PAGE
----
Intelligent AutomationIt’s no secret that today’s smart-thinking businesses are looking hard at what’s called intelligent automation. Advanced forms of process automation—supported by intuitive and interactive technologies and complex analytical algorithms, and enabling step-changes in the performance, agility, and competitive capabilities of a range of businesses.

Automation’s evolution

Evolving automation technologies are empowering their operators to emphasize their uniquely human capabilities to think creatively, prioritize tasks, solve problems, and interact with clients, partners, and co-workers in smarter, more productive ways.  In previous posts I’ve described the Cognizant framework for these technologies called the Do-Think-Learn Continuum of Intelligent Automation.

Now more than ever, business leaders need to understand the abundant opportunities enabled by intelligent automation and chart the best path forward. 

Robotic process automation (RPA) is a technology at the starting point on the intelligent automation continuum; it’s an example of what we call Systems that Do. The concept is compelling: non-programmers hard-code business rules into software that can be triggered to execute processes previously only performed by humans. RPA technology is flexible, secure, scalable, low-cost, and easy to master compared with traditional business process management systems. It can be applied to any rules-based, multi-application activity.

But while RPA works only with structured inputs and hard-coded business rules, more advanced automation technologies can also think. They can introduce logic, allowing programs to make decisions autonomously when they encounter variances in the processes they execute. Natural language processing is an example: enabling smart phones and call centers to interpret spoken or written communication and translate it into executable actions.

Systems that Learn can analyze vast amounts of dynamic and unstructured input and execute highly dynamic and non-rules-based processes. Machine learning for example can be applied to improving the diagnostic capabilities of medical imaging systems, enabling online retailers to create highly-individualized catalogs and greatly improving the ability for software developers to test for security vulnerabilities in future releases of applications.

So while today it’s do-think-learnby mid-2017 this continuum will shift to think-learn-adapt. Systems that adapt will be characterized by their ability to modify themselves or optimize performance depending on changes to their environment, to divert or defend themselves from security threats, and to interact more seamlessly with other systems and the people they serve and support.

Starting the Intelligent Automation journey

To help chart a path toward adopting intelligent automation, organizations should consider these approaches:

  • Think big and scale fast: Automation needs to be recognized as a top strategic initiative across the enterprise. An experienced executive can assume the role of automation leader, responsible for accelerating adoption of intelligent automation simultaneously across the IT and business operations.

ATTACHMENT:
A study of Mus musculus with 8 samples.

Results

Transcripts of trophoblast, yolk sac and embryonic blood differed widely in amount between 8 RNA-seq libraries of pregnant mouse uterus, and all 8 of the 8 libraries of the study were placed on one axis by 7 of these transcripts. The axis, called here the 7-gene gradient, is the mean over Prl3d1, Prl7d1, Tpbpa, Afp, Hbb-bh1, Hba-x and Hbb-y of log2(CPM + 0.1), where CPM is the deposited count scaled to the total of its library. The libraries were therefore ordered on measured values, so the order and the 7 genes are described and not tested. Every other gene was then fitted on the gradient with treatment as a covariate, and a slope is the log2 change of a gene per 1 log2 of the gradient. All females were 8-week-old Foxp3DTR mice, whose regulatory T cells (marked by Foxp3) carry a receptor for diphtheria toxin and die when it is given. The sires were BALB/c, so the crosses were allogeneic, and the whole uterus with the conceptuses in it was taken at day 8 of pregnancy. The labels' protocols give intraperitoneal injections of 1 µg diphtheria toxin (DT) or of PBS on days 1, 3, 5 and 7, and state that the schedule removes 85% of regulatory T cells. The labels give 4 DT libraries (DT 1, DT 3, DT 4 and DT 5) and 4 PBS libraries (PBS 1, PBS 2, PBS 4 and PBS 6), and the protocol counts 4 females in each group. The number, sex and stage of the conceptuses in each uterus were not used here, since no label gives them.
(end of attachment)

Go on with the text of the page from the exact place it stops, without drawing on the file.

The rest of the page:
One life sciences organization we work with established a team to identify processes ripe for automation. Those separate processes—complaint management, invoice processing, and report generation—allowed the team to explore first-hand the capabilities of RPA, natural language processing, machine learning, and intelligent image conversion. The team developed a 12-month automation roadmap with more than three dozen process areas across different functions.

  • Leverage partner expertise: Strong partners can quickly assess and take advantage of game-changing but little-known intelligent automation technologies, often offered by small, emerging vendors. For one global financial services company that deployed intelligent automation across large-volume, rote, and rules-based processes in its market research and supply chain operations, we benchmarked vendor technologies, validated product capabilities, and supported design, testing, and deployment.
  • Automate on-demand: To reap the rewards of intelligent automation without becoming an automation expert, one healthcare payer implemented an as-a-service solution to quickly and accurately process out-of-network claims, relying on Cognizant’s intelligent automation platform to perform process automation, and apply intelligent algorithms for handling exceptions based on analyzing past transaction data. Intelligent agents eliminated a backlog of 8,000 claims in just five days, at 99% first-pass accuracy. Today, the solution handles every out-of-network claim for this provider—not only determining who should be reimbursed, but completing documentation to ensure the health plan pays the right party for every claim.

Do. Think. Learn. Adapt.

A wait-and-see stance is not an option when systems that do, think, and learn are already helping your competitors reposition themselves for the “fourth industrial revolution.” New technologies are fusing the physical, digital, and biological worlds, affecting all disciplines, economies, and industries, even challenging ideas about what it means to be human.

The adaptive realm will see an even greater degree of interaction and partnership between humans and the software “robots” that augment our work and personal lives. Organizations that start the journey will experience the benefits of process acceleration, greater efficiency, quality gains, and optimized work teams—collaborating, creating, and improving results like never before.

Has your organization considered intelligent automation? What challenges have you had to overcome? If you are wondering how to get started, drop me a line.